Why are we shortening Medical degrees?/www.kevinmd.com/
When I started to study medicine it was a five year course, now it's a four year course. Looks like even that may be changing! When I started studying Medicine in the fifties in the British isles, it was a five year program and we wondered when it would be extended to a six year program. It seemed there was so much to learn and the rate of expansion of medical knowledge seemed to be growing so rapidly that it would be impossible to master the required knowledge in the time available.
Many years later when I became a faculty member at the University of Saskatchewan College of Medicine, I was quite sure that we had a program that was exceptional because of its five year duration. I was disappointed when that fifth year was eliminated to fall into line with the rest of North America and thought it a retrogressive step. That fifth year, known as the Junior Undergraduate Rotating Student Internship (the students known as JURSIs) was in my opinion a remarkable year that allowed students to reflect on what they wanted to do for the rest of their lives. Somewhere between students and interns, it allowed them to take responsibility in a graduated manner and it also allowed for adequate elective time for the students to gain exposure to the specialty that they might consider entering, when most students were making that decision based on what they imagined it would be like. They were encouraged to do the electives of their choice globally, provided that the sites met with certain basic requirements. Thus these young men and women were able to observe a very broad range of both medical practice and of life styles. Some gained amazing experience and insight of medicine and life outside of their home environment and some just had fun. In either case it was an enriching experience and contributed towards their maturity and understanding. Notwithstanding my own biases as a residency training director, I was convinced that the fifth year contributed to both the medical and life skills of our graduates when compared with the four year graduates of other schools including ones with international reputations. That extra year was evident in their skills on the wards as well as their general confidence and comfort in dealing with both patients and colleagues.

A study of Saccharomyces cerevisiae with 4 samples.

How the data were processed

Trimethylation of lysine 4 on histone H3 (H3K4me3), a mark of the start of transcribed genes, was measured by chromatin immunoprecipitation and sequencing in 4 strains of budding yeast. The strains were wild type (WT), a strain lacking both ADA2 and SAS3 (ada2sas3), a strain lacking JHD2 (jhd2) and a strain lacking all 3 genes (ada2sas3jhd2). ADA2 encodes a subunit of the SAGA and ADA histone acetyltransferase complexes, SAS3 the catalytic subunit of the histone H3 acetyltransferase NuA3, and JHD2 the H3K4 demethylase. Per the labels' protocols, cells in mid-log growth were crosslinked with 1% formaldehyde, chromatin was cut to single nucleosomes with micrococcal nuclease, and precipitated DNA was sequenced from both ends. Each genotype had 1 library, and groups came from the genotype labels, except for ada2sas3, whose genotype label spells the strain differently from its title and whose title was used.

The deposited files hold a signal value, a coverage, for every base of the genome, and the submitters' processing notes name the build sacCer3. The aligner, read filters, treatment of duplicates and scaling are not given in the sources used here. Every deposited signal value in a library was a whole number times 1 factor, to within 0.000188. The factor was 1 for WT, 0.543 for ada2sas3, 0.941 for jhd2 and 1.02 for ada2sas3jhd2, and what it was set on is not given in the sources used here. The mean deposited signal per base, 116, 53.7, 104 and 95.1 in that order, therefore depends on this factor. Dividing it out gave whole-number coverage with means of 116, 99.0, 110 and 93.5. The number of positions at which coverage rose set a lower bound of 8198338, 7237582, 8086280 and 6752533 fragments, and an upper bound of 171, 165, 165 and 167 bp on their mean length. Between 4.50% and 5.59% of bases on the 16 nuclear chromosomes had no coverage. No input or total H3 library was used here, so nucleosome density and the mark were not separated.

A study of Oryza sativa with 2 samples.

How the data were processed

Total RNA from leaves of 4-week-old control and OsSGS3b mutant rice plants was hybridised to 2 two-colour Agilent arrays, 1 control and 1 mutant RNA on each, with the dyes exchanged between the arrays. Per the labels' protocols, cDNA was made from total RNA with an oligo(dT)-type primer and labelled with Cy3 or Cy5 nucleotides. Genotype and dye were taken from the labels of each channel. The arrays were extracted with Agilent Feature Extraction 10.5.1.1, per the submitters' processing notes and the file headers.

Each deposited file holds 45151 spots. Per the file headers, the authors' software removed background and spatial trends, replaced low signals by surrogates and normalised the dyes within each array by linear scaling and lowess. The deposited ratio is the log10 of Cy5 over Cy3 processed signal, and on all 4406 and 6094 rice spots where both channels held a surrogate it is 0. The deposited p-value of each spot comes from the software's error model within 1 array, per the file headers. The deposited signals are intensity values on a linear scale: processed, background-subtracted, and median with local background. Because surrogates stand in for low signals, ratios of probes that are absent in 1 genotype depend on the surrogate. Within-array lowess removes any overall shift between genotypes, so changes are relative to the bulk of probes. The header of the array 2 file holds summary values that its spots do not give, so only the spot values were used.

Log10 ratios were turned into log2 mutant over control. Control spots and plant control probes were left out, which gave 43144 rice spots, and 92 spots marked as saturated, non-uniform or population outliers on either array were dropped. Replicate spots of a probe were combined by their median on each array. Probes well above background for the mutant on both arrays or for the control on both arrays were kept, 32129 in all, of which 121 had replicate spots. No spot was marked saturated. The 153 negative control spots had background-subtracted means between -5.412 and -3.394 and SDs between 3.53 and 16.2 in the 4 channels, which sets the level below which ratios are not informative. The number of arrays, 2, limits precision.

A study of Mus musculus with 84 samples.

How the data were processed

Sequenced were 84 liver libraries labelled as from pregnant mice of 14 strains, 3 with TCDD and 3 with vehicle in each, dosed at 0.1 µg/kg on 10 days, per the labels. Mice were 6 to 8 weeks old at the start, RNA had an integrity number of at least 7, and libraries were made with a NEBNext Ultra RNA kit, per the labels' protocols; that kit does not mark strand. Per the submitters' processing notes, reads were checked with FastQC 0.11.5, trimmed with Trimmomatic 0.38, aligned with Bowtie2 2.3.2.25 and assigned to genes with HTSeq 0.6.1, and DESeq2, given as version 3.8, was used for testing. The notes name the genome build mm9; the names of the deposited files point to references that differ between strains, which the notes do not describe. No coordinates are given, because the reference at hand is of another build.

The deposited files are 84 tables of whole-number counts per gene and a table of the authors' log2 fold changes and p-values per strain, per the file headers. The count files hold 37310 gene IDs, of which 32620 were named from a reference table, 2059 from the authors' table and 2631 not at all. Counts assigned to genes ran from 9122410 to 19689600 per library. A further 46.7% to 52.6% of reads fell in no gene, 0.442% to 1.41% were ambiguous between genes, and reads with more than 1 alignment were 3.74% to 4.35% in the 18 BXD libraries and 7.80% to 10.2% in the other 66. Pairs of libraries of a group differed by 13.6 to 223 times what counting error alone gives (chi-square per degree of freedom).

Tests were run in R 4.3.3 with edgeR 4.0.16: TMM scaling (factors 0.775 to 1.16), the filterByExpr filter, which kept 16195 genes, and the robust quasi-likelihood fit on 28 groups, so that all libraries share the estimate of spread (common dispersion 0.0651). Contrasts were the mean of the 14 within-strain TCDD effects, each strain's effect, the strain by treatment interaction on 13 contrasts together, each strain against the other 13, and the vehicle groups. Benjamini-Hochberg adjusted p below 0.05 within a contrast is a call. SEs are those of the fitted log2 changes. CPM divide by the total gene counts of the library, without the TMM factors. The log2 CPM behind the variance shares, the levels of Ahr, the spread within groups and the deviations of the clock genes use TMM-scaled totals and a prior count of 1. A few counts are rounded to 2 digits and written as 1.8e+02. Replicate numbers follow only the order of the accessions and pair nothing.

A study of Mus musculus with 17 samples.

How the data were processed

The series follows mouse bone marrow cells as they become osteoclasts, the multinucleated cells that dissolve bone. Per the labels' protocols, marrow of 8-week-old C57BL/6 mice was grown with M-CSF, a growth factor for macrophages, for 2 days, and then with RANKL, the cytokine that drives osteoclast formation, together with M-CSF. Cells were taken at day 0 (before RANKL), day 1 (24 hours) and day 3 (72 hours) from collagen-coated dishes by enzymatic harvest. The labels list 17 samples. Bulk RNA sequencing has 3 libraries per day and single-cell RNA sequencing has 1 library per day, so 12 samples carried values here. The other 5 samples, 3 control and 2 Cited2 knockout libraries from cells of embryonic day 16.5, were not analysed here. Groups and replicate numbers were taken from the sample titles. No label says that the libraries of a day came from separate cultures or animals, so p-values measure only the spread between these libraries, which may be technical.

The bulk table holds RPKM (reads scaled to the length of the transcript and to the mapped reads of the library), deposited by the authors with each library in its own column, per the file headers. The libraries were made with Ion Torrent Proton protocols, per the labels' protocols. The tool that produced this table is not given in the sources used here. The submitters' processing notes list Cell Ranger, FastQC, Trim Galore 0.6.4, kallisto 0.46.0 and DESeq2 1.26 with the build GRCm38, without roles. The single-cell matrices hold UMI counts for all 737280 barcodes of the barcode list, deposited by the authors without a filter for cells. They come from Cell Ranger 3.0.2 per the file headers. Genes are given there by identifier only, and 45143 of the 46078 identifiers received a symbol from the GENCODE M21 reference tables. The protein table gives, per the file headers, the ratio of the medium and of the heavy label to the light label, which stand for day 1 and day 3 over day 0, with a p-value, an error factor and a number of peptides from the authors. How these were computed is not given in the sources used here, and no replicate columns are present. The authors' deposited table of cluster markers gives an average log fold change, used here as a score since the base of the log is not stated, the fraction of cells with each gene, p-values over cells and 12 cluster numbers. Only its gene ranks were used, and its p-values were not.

As an increasing number of schools contemplate reducing the curriculum to three years, I fear for the future of my profession. No doubt they will turn out competent enough technicians, the administridiots will see to that but I doubt that they will turn out dedicated graduates comparable to the committed physicians of the past, who had more to contribute to the healing arts than technical skills.
Ars longa, vita brevis. Hippocrates
If you have any opinions on this, please share them.